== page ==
World’s eyes on Norway as historic climate trial begins

Oslo, Norway 13 November 2017 – Tomorrow, environmental organisations Greenpeace Nordic and Nature and Youth take on the Norwegian government in court for opening up new areas in the Arctic to oil drilling. They are arguing that drilling for oil violates the Paris Agreement as well as the Norwegian constitution. Winning the case could set a precedent for future climate cases around the world.

Norway’s Grandparents Climate Campaign has also joined the case, as intervenors against the government and in support of the environmental groups.

Truls Gulowsen, Head of Greenpeace Norway said:

“This is a big day for all of us fighting climate change and greedy governments around the world. By allowing new oil drilling in the Arctic the Norwegian government puts homes, health and families everywhere at risk, and should be held accountable. It is clear to us that this new search for oil is in violation of the Paris Agreement and the Norwegian Constitution, and we look forward to raising these arguments in court.”

In the trial, set for 14-23 November, the plaintiffs will argue that the Norwegian government has violated the right to a healthy and safe environment for future generations granted by the Norwegian Constitution. This will be the first time this right is used in court. Around the world some 90 countries have a Constitutionally protected right to a healthy environment, and this lawsuit can have a ripple effect helping guide other jurisdictions on how to interpret these rights in their legal systems, and inspiring more people to hold their governments to account.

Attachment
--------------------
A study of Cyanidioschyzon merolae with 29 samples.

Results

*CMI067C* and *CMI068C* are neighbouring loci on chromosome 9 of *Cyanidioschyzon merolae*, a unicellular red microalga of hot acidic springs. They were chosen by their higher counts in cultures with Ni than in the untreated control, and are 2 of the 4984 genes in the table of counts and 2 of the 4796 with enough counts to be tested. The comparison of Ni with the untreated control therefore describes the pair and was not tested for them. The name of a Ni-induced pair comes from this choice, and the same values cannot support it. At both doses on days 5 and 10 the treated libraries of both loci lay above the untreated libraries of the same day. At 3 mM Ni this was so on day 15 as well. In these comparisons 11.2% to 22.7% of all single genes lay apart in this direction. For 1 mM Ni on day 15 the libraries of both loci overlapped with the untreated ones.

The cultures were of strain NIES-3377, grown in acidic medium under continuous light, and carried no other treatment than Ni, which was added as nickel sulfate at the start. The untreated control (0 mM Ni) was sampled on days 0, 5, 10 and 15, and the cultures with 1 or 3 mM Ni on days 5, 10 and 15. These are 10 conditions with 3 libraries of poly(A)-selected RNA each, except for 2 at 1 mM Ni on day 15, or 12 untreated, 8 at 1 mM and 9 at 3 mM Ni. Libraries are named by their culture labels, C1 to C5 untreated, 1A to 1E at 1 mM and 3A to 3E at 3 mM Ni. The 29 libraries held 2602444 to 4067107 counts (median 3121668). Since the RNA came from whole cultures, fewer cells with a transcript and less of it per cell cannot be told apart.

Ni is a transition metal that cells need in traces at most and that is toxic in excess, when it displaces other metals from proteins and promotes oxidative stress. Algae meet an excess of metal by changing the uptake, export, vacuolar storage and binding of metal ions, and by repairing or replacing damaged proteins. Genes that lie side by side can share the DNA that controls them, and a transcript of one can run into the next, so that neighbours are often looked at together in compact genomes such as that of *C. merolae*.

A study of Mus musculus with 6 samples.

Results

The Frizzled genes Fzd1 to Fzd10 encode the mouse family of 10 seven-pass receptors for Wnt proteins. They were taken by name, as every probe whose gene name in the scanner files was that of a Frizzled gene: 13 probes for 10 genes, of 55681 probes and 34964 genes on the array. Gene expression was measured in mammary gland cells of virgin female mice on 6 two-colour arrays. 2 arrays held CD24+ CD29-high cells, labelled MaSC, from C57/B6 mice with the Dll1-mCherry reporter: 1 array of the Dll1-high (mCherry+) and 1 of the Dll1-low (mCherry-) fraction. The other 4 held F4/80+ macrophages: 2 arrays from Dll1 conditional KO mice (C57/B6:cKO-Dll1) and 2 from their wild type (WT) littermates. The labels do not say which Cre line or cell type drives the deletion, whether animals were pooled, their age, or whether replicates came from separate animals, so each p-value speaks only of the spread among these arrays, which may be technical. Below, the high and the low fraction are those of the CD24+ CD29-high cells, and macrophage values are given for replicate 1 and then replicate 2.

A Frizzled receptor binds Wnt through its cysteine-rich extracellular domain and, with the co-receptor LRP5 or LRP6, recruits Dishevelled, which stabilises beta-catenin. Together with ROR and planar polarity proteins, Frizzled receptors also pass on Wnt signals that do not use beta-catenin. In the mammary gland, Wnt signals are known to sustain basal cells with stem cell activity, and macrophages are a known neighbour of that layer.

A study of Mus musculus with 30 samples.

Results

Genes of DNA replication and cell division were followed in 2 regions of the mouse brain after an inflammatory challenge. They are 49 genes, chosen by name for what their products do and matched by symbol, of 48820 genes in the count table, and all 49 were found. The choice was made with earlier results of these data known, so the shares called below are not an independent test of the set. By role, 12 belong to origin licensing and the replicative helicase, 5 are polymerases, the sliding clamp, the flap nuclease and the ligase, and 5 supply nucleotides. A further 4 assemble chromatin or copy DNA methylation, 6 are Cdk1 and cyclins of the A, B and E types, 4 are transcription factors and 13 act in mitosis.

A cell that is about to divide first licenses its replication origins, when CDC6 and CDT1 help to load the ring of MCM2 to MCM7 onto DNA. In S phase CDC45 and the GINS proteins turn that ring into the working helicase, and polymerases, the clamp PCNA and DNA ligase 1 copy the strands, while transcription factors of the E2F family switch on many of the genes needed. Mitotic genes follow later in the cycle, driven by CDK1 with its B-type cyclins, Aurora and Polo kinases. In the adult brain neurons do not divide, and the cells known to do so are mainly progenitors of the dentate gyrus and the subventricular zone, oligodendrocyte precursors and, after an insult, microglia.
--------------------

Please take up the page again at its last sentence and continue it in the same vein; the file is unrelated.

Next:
Ingrid Skjoldvær, Head of Nature and Youth, added:

“The Norwegian government, like every government, has an obligation to protect people’s right to a healthy environment. It is us in the younger generation, and our children, who will feel the worst effects of this oil being burned. This court case is giving us a critical opportunity to protect our futures and, we hope, providing a valuable tool for others to do the same.”

At the same time as the climate trial starts in Norway, Fiji is hosting the United Nations climate change conference COP 23 in Bonn, and attending the first day of the trial in Oslo are two young Pacific Islanders representatives from Fiji.

Alisi Nacewa, Pacific Island Represent activist said:

“We are here in Norway because our home is on the frontline of climate change. Our way of life is being impacted by extreme weather and rising sea levels right now. There is no way the continuation of oil and gas extraction, can deliver a world below 1.5 degrees. No way. No matter how politicians try to spin it. The Norwegian government has signed the Paris Agreement but they continue to drill for oil and supply the world with more fossil fuels. The two are in complete contradiction. It’s time to hold countries accountable for breaking their Paris commitments.”

The Norwegian government will defend their decision to, for the first time in 20 years, open up a new oil drilling area in the Barents Sea, allowing 13 oil companies to start new exploration campaigns in the Arctic. Norwegian state-owned Statoil has already begun their drilling operations in the Arctic this summer.

The 13 oil companies that have new license blocks in the Barents Sea are: Statoil (Norway), Capricorn, Tullow and Centrica (UK), Chevron and ConocoPhillips (USA), DEA (Germany), Aker BP (Norway), Idemitsu (Japan), Lukoil (Russia), Lundin Petroleum (Sweden), OMV (Austria), PGNiG (Norway/Poland).